Manny Ramirez had surgery on a groin injury he didn’t even know about


According to Boras:

I’m not sure Manny knew about it. In fact, I know he didn’t know about it because we were all surprised. I don’t think Manny felt anything affected him during the season. It’s just the fact that when you find out you’ve got a situation where you’ve got to have surgery for a hernia-like situation, you obviously know it’s impactful. We found out that Manny had some medical maladies that had to be surgically repaired in the offseason. It had a pretty big impact on his performance.

Boras saying “it had a pretty big impact on his performance” despite also saying that Ramirez “didn’t know about it” is basically a perfect portrayal of the public’s perception of each person.

Boras is trying to spin it so that Ramirez’s complete lack of production following a trade to the White Sox can be blamed on the injury, no doubt to help stir up some free agent interest. At the same time Ramirez, who has long had a reputation for being oblivious to just about everything but hitting a baseball, played most of the season with a groin injury that eventually required surgery and “didn’t know about it.”

For whatever it’s worth, Boras also said that Ramirez is now fully recovered from the surgery and has a “good” market that involves “multiple teams” being interested. Whether or not Ramirez is aware of any of that remains unclear.

Twins to retire Joe Mauer’s No. 7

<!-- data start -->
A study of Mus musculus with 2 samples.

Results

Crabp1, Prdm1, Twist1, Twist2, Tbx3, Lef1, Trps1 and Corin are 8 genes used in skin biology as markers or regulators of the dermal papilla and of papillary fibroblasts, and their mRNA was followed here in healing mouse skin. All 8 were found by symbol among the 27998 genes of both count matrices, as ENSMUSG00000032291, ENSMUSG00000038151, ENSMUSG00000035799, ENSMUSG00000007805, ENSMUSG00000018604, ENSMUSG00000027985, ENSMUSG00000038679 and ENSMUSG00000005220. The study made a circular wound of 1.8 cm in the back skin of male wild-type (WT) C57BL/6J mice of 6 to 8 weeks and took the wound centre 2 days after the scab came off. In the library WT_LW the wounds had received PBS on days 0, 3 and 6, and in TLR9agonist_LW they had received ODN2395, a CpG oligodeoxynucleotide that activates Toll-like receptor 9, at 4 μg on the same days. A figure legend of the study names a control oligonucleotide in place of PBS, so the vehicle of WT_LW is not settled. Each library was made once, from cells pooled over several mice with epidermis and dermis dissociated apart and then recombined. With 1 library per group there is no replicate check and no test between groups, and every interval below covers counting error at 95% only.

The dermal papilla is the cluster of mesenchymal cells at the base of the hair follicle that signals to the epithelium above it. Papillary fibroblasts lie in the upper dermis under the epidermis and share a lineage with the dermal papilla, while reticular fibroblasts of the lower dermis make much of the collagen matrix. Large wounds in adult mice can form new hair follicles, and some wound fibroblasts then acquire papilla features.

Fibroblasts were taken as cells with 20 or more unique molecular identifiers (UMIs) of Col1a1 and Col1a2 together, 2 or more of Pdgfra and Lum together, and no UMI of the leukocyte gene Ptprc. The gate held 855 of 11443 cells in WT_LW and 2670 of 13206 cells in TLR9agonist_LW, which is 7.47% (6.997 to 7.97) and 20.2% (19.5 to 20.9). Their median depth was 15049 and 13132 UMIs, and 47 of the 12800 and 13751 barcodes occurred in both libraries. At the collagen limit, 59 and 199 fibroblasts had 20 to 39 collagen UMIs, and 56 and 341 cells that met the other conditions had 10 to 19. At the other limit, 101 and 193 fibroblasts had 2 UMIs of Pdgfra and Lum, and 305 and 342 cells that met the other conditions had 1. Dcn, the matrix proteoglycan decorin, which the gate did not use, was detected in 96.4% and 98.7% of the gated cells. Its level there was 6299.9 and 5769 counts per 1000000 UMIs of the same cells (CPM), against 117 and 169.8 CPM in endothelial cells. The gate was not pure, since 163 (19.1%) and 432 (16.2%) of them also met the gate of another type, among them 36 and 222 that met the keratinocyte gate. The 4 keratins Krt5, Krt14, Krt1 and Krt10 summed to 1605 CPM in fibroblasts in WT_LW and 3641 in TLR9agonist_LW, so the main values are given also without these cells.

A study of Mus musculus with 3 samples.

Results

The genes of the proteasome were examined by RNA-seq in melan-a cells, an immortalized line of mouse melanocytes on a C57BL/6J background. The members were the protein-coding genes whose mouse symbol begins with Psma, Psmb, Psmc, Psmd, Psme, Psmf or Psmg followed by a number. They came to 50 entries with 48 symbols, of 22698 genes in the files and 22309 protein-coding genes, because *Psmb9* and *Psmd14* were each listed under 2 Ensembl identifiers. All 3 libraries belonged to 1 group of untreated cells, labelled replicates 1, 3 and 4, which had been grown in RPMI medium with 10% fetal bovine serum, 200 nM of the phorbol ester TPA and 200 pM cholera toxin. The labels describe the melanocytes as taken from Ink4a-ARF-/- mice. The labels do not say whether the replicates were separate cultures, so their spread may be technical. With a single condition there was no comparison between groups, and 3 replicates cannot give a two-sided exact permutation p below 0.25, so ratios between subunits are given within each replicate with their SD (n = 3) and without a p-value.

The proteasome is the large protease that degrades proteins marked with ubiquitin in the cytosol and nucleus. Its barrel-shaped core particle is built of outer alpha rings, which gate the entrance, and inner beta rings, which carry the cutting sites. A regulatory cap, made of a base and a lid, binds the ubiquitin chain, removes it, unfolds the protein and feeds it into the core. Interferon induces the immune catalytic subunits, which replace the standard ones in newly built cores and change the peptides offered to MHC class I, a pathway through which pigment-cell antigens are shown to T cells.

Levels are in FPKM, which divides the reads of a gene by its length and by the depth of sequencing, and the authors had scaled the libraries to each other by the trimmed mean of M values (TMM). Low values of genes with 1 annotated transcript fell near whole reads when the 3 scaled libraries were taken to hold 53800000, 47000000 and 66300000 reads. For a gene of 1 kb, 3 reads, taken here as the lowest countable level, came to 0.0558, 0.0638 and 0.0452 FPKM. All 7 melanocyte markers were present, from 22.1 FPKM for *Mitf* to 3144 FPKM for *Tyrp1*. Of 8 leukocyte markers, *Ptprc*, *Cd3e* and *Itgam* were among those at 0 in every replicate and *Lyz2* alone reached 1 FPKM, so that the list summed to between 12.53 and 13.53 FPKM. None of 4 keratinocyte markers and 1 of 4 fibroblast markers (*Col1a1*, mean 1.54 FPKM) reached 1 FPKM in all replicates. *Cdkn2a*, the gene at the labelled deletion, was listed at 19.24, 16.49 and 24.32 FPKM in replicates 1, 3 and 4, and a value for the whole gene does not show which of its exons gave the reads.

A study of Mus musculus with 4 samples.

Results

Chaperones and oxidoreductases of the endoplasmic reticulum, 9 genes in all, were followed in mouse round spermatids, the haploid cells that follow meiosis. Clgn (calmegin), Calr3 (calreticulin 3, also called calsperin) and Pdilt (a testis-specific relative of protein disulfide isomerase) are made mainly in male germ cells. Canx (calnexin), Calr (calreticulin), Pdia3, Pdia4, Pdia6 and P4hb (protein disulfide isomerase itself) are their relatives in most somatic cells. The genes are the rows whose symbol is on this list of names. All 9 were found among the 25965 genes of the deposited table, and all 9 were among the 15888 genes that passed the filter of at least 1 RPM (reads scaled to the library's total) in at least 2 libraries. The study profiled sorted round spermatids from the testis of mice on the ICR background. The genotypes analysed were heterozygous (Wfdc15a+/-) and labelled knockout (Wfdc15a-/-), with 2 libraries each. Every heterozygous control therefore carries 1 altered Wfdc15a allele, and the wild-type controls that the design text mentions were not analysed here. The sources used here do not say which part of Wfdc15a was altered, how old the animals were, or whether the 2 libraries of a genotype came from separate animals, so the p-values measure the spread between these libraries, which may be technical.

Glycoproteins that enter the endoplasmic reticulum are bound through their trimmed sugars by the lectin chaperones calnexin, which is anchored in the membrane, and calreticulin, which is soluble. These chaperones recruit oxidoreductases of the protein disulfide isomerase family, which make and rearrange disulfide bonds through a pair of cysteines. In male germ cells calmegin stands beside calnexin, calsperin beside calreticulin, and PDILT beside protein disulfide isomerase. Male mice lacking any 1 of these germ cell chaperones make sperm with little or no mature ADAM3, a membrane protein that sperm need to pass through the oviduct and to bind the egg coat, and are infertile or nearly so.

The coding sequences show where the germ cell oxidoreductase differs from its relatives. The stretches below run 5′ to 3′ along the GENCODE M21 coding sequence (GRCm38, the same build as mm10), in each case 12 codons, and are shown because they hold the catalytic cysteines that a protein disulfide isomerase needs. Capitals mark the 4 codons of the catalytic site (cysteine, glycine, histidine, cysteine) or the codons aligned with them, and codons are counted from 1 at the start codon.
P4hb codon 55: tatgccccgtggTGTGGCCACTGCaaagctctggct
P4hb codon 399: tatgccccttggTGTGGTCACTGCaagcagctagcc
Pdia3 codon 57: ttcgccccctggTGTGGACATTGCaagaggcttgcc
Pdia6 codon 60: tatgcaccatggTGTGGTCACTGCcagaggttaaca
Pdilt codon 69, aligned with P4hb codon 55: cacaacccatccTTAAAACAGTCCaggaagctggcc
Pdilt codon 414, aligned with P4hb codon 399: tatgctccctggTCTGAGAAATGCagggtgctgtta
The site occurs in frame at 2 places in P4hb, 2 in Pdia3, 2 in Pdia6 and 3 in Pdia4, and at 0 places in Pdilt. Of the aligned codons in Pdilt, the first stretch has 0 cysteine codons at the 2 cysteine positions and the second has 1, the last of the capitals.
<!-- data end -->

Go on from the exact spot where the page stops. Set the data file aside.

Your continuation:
AP Photo/Jim Mone

Mauer will join Harmon Killebrew (No. 3), Tony Oliva (No. 6), Tom Kelly (No. 10), Kent Hrbek (No. 14), Rod Carew (No. 29), Kirby Pucket (No. 34), and Bert Blyleven (No. 28) as Twins to have their numbers retired.

Mauer, 35, spent 15 seasons in the majors, all with the Twins. He posted a career .306/.388/.439 triple-slash line with 143 home runs and 923 RBI. He won the AL MVP Award in 2009, won the batting title three times, earned three Gold Gloves and five Silver Sluggers, and made the AL All-Star team six times. Sadly, his career was limited due to injuries, including a concussion that caused him to move from catcher to first base.

Five years from now, Mauer will appear on the Hall of Fame ballot. There will certainly be some arguments for and against his candidacy. He retired with 55.1 career Wins Above Replacement, according to Baseball Reference, which definitely puts him in the conversation. But, as always, there’s never a consensus.